Monday, October 28, 2013

Transonic of The Lights

Because I detest the X-Men, I'm only finding out now that in mid 2010, Marvel Comics introduced a Canadian character among a new group of mutants (because if there's one thing lacking in the Marvel Universe, it's a few more mutants).

The image below is a variant cover for Generation Hope #1 and it features one Laurie Tromette from Vancouver.  She would later adopt the nickname Transonic.  While the artwork is by Greg Land, I was not able to identify the porn actress he probably traced it from.

So what's Transonic's deal?  As I understand it, there was a period of time during which no more mutants were supposed to emerge.  Theoreticaly then, mutants were facing extinction.

Knowing Marvel Comics as we do, that scenario wasn't going to last very long.  Faster than you can say "We need more Wolverine books", Marvel opened the door for mutants to begin appearing again.  Laurie Tromette was the first of the Five Lights; The bunch of mutants that were introduced following that event.

Tromette made her first appearance in Uncanny X-Men #526.  She bookends the primary story.  In the first couple of pages, she is seen freaking out because she's in pain, her skin is turning blue and her hair is falling out.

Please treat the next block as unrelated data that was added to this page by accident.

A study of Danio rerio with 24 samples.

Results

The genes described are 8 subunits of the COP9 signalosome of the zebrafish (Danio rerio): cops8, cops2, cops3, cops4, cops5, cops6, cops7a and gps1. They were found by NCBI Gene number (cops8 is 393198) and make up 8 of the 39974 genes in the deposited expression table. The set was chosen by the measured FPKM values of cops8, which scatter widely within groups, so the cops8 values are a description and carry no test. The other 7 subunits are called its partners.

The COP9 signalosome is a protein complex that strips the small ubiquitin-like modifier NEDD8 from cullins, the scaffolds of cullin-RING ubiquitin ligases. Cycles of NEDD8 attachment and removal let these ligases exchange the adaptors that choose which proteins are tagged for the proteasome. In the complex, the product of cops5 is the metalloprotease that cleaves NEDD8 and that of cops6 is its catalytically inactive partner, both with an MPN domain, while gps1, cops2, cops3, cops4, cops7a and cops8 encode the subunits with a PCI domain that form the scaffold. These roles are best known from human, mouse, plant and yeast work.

I'm not sure what the issue is; Doesn't sound much different than my maple whiskey hangovers.

In any event, in the final few pages of main portion of the book, Tromette takes the only logical course of action in dealing with her discomfort and prepares to jump off a building.  But wouldn't you know it...

So that worked out nicely.  That is especially true for Hope Summers (that's her arm around 'sonic's waist in the above image), who also chose the most logical course of action when facing a suicide jumper.  That is, jump after her and try to talk her out of it in mid-drop.

Beyond that initial storyline, Transonic was a part of the Generation Hope series during its 17-issue duration and was later seen in the Avengers Academy book.

There was another Canadian-content surprise in this book.  No, not the mandatory Wolverine appearance, since nothing could be less surprising.  Rather, former Alpha Flight member Madison Jeffries pops by in a sub-plot in which members of the team tries to figure out why Kitty Pride can not turn off her phasing ability.  It's nothing more than a cameo but still an unexpected treat.